Why do you need to know what a trap primer is…or for that matter, what a trap is? Because homes, plumbing systems, electric systems, and even the ground can do weird things. Such as emitting a rotten odor you can’t ignore.
When that happens, it’s quite possibly due to sewer gas coming into your home from your floor drain. To keep that gas out, your drain requires a trap, and that trap needs a trap primer.
What Does A Plumbing Trap Look Like?
Let’s discuss the trap first. A plumbing trap looks like a U-shaped pipe. This U-shaped pipe also looks like the letter P on its side. That’s why plumbers call it a P Trap. It can be made out of metal or PVC (a synthetic plastic polymer which has a white-plastic look). Take a look under your kitchen sink or bathroom sink to see one for yourself.
How Does a Plumbing Trap Work?
All plumbing fixtures in a home have floor drains. The floor drains allow water to flow from your house and into a city’s sewer or storm drains. This keeps your floors dry and safe from water damage.
More so, each plumbing fixture — from kitchen sinks to toilets to showers to water heaters and more — is required to have a plumbing trap. The traps stop smelly sewer gases from coming up from the floor drain and into your home. However, in order for these plumbing traps to work — by “trapping out the sewer gas emissions” — water needs to drain into them to create a liquid seal.
Put another way, here’s what’s happening. Water is trapped at the bottom of the U-shaped P Trap. This trapped water creates a seal in your pipe, which prevents any sewer gas from coming up through the drain and into your home. Sewer gas can’t get past the seal of water at the bottom of the U-shaped trap. It’s a simple but brilliant solution.
What Is A Trap Primer And Why Do We Need It?
Just like the trap, a trap primer is relatively simple to understand. It’s a device that adds water to your plumbing trap. That’s it. And here’s why you need it.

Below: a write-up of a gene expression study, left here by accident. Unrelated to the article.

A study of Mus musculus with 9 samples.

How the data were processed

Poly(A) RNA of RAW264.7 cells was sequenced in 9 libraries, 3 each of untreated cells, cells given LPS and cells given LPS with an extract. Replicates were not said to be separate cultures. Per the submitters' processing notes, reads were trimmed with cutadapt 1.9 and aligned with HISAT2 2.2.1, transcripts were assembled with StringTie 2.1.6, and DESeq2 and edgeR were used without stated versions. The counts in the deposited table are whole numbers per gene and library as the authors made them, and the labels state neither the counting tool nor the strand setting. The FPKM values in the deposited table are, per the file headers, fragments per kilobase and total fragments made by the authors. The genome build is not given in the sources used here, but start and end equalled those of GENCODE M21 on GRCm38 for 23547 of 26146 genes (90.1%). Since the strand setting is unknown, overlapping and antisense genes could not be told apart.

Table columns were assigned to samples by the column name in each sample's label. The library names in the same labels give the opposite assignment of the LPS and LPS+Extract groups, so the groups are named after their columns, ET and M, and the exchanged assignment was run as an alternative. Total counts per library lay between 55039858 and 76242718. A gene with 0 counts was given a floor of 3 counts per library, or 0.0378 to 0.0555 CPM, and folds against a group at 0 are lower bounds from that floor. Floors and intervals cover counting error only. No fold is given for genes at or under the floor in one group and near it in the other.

If liquid doesn’t go down your drain often enough, the liquid seal – the water at the bottom of the U-shaped trap — will eventually evaporate. With the seal gone, sewer gas is now able to get through the drain pipe and into your home. That’s a serious problem, and can lead to a plumbing emergency (or even a health emergency; scroll down for more on that).
A trap primer (or trap primer valve) is a good idea for all of your plumbing fixtures. But don’t hesitate installing them on any plumbing fixtures that aren’t being used regularly. This could be an extra bathroom sink, shower and toilet; or perhaps in a vacation home you only visit once or twice a year.
Different Types of Trap Primers
- Most simple method. Used most often with a floor drain trap is a quick connection from a sink that’s closely located. When the sink is used, some of the water goes to the trap.
- Most common method. The primer connects to a drinkable water supply. When pressure per square inch (PSI) is sensed — such as from a nearby toilet or sink — it adds some of that water flow to the trap.
- Other methods. Some trap primers work on timers (based on your settings for when a home is unoccupied). While others create plumbing devices (like a laundry faucet) has has a built-in trap primer. And there are other types as well.
Is Sewer Gas Harmful?
Sewer gas is not usually harmful in smaller doses. But sewer gas can be harmful over time, with prolonged, heavier doses, if the problem isn’t resolved. The primary gas in sewer gas is hydrogen sulfide. More so, studies have shown that large amounts are toxic to our oxygen systems, with the potential to damage organs and, in rarer circumstances, even cause death.
If you notice that there is an unpleasant odor coming from areas of your home where there are floor drains, you may want to check to make sure you don’t have a dry trap and do have a functioning trap primer.
In conclusion, trap primers are very important in your home. They prevent your p-traps from becoming dry so sewage gases have no way of leaking into your home. This can be especially helpful if you own a vacation home that you only visit around once or twice a year.